I’m writing this on June 16, and today gas costs just over $4 per gallon, and there is no indication that prices have topped out.
This means higher transportation costs for goods, which leads to higher costs for products and services. Prices are creeping up everywhere, and it’s a constant balancing act to judge the difference between necessities and niceties. And even for the necessities, we should be looking for every way to reduce fuel usage and costs.
Better dewatering for biosolids is one straightforward way to increase the amount of bang for each gasoline buck. Less water in the hauling truck means more solids that get carried to the landfill, farm field, or wherever.
So switching to technologies that produce drier solids is a no-brainer, right? Not exactly.
Making drier solids takes more resources. For example, a belt filter press dewatering a blend of primary and waste activated sludges yields a product that is 23% to 28% solids; a centrifuge yields a product of about 28% to 32%*. But a centrifuge costs more to purchase and requires more polymer and power to operate. So, it’s back to the balancing act to figure out which is best.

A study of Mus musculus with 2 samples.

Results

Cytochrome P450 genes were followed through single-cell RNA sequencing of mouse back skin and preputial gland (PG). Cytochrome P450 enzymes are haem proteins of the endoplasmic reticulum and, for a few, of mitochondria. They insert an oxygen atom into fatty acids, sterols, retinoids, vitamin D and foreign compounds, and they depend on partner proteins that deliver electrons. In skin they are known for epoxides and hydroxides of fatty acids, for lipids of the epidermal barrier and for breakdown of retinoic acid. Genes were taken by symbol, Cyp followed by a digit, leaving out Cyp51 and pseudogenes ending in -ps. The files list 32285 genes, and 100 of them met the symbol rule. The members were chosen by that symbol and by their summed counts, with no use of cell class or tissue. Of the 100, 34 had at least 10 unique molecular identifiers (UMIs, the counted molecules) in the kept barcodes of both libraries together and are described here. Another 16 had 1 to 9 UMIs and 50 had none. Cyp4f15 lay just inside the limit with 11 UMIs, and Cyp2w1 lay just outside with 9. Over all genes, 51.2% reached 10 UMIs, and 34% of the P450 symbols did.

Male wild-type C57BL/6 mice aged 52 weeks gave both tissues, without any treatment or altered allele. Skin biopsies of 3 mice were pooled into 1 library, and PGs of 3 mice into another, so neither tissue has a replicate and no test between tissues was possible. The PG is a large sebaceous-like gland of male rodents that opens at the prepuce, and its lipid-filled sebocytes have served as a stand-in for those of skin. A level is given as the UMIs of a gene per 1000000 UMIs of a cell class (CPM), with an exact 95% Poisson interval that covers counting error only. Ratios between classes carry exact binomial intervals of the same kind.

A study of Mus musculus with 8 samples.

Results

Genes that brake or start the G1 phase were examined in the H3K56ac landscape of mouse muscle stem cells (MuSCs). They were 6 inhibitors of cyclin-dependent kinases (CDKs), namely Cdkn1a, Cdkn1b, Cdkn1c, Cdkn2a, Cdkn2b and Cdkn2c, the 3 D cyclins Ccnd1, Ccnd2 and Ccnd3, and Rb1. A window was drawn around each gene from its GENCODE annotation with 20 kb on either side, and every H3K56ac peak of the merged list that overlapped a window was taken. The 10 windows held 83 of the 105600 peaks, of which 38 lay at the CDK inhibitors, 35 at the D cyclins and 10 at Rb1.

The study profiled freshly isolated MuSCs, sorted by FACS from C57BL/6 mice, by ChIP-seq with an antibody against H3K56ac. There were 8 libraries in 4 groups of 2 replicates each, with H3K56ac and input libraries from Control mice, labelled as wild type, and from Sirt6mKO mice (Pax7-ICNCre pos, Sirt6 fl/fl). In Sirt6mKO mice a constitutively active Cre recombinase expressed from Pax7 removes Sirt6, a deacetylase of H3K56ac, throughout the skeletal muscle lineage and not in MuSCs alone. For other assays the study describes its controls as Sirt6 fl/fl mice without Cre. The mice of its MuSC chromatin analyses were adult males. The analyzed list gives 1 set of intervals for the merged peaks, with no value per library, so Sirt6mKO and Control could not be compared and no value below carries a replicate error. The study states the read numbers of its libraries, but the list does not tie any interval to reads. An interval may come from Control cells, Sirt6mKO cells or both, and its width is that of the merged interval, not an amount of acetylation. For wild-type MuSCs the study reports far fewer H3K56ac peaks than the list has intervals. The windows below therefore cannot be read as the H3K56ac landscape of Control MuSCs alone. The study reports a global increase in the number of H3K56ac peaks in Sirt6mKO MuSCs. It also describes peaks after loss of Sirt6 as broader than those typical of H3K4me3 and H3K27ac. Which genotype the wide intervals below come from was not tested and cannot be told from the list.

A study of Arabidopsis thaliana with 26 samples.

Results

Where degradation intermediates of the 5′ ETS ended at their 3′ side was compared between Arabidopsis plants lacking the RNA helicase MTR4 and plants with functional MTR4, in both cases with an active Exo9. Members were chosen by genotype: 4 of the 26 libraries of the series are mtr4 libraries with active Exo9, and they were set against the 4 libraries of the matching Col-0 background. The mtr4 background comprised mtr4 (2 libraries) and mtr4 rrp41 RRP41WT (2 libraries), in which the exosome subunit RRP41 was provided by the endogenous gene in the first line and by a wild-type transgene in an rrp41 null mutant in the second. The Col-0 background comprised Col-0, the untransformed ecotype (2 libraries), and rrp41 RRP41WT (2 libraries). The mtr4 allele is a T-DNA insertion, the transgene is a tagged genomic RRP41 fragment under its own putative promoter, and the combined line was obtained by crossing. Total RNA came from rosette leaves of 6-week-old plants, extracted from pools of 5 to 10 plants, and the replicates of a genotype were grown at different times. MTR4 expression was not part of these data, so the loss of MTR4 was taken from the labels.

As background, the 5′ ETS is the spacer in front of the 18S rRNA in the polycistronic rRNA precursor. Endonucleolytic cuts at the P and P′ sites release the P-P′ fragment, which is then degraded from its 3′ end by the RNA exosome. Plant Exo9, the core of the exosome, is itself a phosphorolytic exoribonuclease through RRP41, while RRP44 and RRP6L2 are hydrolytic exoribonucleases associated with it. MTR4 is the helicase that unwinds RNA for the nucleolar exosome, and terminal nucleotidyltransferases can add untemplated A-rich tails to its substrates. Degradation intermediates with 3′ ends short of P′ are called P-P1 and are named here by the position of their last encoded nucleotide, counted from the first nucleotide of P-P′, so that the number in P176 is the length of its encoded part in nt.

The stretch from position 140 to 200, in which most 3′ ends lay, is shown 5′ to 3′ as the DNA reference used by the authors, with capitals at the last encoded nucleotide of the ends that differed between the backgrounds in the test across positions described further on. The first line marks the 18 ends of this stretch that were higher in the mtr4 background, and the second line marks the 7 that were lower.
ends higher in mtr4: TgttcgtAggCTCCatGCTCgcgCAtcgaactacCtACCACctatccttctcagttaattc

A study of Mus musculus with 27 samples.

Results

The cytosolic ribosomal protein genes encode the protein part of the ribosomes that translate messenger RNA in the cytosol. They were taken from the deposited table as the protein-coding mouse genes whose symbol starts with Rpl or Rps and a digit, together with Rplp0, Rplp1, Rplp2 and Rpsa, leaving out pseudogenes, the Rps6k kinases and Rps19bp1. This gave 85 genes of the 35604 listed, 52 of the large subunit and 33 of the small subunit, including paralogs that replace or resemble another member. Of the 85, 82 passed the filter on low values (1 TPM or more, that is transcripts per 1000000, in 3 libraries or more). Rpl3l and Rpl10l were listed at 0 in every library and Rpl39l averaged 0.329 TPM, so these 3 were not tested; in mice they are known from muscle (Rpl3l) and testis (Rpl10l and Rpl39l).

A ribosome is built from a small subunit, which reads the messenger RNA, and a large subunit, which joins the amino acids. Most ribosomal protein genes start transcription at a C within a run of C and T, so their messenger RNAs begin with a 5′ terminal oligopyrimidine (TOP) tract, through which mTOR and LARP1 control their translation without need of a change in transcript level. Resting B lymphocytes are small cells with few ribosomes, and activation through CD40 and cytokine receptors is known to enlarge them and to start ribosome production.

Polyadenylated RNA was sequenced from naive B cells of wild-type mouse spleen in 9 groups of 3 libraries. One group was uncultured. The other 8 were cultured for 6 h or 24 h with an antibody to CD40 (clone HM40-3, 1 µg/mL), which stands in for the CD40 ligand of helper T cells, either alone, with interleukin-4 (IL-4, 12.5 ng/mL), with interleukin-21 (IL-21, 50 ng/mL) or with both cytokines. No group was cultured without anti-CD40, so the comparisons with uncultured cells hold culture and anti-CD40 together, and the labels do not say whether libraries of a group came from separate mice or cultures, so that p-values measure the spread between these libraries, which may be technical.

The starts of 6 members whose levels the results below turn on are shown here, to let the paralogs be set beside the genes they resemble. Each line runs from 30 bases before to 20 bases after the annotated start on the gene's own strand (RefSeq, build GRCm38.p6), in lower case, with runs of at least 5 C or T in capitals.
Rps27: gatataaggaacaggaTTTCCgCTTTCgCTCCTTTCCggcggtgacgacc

Also keep in mind that more vigorous dewatering could also lead to some changes in the product. For instance, higher shear during dewater has been linked to greater odor generation. In some cases, a more odorous product might not be a problem, but in others it could make the product unusable.
Again, we’re back to more balancing.
But now there are alternatives. Some new dewatering techniques promise low shear as well as a high percentage of solids in the final material. The article, “Low-Shear Dewatering ,” explores alternative dewatering devices that potentially could reach the dewatering capabilities of centrifuges, but without the high shear.
Removing more water from solids before digestion enables higher loading, which can lead to more methane cogeneration. That methane then can offset fossil fuels and reduce the demand for them and hopefully slow the increase in fuel costs.
The article, “Float On and On ,” tells how the Denver Metro Wastewater Reclamation District refurbished, upgraded, and optimized its 40-year-old dissolved air flotation thickeners. Through refinement the district has been able to triple the loading rate to the units, as compared to most flotation thickening operations, and still obtain excellent results.
As costs rise, as they inevitably will, these balancing acts will become touchier and more sensitive. The bright side is that ingenuity, imagination, and dedication weigh in on the side of finding more efficient and less costly ways to accomplish the goals at hand.